Over time, even the shiniest boat will turn faded and dull as its gelcoat oxidizes. UV exposure is the culprit, and as chalky oxidation fills the gelcoat’s microscopic pores and cracks, that once-lustrous shine will slowly dwindle away. But all is not lost. If, that is, you know how to restore the gelcoat on a boat.
Step 1: Remove the Oxidation
This is a very simple, but very labor-intensive process. You’ll need to get oxidation remover, a power buffer and plenty of bonnets. Whatever you do, don’t eschew the power buffer and try to tackle this task manually. You’d need to firmly rub in circles tens of thousands of times to de-oxidize even a relatively small boat, and unless a severe case of tennis elbow sounds like fun, that buffer is a must-have for this work.
Before you begin buffing, tape off any fittings, the rubrail and anything else that could be damaged by the abrasives in the oxidation remover. Next, squirt a dose of it onto the bonnet, hold it up against the hull side, and pull the trigger. Again, and again, and again, until that hull begins to gleam once more.
Tip: Be careful not to hit the power button on the buffer before it’s placed firmly against the gelcoat. Do so, and its orbital motion will sling the viscous liquid in every direction.
Plan on spending hours of buffing to get rid of the oxidation, noting that the worse the damage is, the more work it will take. Also remember that the buffer won’t reach all of the tight spots, like under the rubrail or lips in the hull side. Once the large areas are completed, you’ll have to attack the parts you couldn’t reach by hand. Even though it may be a tiny fraction of the surface area of the hull, rubbing these free of oxidation can take hours or even days.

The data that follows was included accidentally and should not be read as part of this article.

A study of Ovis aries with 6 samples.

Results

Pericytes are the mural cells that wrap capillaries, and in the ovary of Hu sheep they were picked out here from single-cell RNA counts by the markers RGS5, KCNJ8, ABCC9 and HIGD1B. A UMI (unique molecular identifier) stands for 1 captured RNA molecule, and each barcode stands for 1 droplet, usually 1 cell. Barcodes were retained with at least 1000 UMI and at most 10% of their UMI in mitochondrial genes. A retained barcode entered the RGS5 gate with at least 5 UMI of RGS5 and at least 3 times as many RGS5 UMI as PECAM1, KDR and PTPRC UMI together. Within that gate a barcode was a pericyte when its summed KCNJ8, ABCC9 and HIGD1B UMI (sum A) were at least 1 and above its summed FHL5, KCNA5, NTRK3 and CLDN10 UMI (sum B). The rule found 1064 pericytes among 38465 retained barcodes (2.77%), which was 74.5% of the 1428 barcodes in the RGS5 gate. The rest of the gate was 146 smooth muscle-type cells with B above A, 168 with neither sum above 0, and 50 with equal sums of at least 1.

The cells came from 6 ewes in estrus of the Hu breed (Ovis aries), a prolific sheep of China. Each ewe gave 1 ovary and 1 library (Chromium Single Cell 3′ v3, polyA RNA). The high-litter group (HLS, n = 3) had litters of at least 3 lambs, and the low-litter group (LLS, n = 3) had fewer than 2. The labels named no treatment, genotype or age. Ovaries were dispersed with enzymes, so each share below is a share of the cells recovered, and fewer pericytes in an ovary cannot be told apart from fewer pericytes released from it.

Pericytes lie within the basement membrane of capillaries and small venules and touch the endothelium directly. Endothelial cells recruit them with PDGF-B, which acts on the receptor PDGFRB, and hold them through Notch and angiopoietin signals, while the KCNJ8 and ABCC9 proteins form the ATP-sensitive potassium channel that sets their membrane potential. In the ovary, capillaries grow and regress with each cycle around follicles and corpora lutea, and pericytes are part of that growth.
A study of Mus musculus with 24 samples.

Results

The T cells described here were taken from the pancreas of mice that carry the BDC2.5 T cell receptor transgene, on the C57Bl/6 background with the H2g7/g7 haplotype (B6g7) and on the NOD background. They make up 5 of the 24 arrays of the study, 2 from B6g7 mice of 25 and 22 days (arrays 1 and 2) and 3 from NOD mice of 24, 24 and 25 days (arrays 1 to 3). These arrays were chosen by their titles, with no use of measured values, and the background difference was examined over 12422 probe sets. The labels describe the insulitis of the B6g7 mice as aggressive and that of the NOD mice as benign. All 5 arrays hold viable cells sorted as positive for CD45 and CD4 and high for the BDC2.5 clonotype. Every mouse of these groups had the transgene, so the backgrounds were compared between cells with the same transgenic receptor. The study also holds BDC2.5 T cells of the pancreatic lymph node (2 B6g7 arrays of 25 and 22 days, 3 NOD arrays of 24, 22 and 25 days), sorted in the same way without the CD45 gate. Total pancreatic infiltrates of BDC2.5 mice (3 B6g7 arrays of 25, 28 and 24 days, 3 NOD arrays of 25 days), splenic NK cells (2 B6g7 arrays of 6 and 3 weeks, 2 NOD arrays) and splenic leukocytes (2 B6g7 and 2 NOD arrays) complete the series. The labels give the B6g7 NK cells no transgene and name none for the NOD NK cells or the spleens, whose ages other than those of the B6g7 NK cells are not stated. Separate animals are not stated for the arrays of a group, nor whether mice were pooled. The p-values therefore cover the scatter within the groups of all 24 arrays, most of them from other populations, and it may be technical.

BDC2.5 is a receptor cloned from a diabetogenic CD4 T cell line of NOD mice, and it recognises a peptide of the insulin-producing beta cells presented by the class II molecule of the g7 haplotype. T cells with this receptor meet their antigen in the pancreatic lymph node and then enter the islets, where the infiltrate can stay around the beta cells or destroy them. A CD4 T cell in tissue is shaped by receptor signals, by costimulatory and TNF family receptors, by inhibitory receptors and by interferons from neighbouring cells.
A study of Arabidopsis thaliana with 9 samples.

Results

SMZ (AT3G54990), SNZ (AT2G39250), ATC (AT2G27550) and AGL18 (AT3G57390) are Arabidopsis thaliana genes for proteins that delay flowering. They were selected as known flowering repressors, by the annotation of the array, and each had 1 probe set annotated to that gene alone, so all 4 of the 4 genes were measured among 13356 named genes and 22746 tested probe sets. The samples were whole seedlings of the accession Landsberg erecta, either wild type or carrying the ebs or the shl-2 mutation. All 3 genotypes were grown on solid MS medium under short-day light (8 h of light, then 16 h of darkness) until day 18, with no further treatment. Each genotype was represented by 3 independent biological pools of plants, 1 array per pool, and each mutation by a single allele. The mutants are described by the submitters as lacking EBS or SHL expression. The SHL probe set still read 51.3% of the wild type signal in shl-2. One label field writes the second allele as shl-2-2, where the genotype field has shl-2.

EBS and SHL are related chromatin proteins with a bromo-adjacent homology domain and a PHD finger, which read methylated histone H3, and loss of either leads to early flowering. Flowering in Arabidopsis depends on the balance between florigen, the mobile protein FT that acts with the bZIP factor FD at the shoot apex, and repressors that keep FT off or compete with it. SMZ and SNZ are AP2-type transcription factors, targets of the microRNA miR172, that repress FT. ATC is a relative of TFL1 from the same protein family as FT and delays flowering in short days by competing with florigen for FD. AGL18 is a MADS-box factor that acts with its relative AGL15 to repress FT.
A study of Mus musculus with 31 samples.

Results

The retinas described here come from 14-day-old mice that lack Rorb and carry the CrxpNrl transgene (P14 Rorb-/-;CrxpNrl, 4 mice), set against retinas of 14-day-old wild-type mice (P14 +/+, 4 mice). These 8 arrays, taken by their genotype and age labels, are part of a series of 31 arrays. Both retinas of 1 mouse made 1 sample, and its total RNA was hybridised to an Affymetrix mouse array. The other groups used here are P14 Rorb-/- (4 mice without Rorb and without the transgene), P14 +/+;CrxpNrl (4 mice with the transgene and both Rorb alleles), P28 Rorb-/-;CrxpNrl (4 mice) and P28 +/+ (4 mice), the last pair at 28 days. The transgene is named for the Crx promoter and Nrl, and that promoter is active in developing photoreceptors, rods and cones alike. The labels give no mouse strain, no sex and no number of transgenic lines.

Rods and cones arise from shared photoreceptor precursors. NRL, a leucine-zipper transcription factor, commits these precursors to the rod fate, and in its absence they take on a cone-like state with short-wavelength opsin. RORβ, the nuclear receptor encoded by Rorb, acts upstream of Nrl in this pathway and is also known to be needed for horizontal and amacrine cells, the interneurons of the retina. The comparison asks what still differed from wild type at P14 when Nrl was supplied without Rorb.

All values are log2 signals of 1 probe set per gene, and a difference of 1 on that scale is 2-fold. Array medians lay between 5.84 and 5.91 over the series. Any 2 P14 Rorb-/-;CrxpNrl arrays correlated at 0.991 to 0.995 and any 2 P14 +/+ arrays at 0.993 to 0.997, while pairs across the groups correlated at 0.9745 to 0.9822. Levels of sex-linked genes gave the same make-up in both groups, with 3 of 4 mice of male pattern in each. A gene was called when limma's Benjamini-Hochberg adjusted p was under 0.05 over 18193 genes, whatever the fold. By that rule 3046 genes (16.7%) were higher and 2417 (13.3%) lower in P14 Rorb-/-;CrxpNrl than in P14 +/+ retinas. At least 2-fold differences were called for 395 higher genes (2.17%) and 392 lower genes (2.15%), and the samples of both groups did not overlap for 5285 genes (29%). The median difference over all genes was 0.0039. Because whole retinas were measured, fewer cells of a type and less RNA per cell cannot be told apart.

Step 2: Wash the Boat and Give It a Close Visual Inspection
Next, you’ll want to wash the boat and give it a close visual inspection. Then, get ready to attack it with the oxidation remover again. You’ll almost certainly see some areas where the oxidation remover obscured your view and some cloudiness remains in the gelcoat.
Step 3: Apply the First Coat of Protective Wax
Is that gelcoat shining like new? Great. But it won’t stay that way for long, because now fresh, unprotected gelcoat is exposed to the sun and the air. It began deteriorating the moment you washed away the last of the oxidation remover. Now, you need to cover it up with a protective coat of wax. Use thick paste wax. It lasts the longest and provides the best UV protection. Time to start rubbing again.
Step 4: Apply the Second Coat of Protective Wax
You knew we were going to tell you to wax the boat a second time, right? One coat simply doesn’t cut it, because there are always areas where the wax coat is too thin or were missed entirely on the first go-round.
Step 5: Apply the Third Coat of Wax, This Time Carnauba
The gelcoat may be protected now, but it’s not shining as brightly as it could be. To get the very best finish, you’ll now want to do a third waxing. But this time, use a liquid carnauba wax. This stuff gives the best shine, and although it won’t last as long as a paste wax, it will give that gelcoat a gleam that can’t be beat.
Maintain the shine. That means keeping the boat clean and reapplying the carnauba wax every few weeks. At least twice a season, give it another base coat with the paste wax, too. As long as you do so, you’ll keep the oxidation at bay. But, if you let a few months go by without waxing, the shine will begin to wither once again.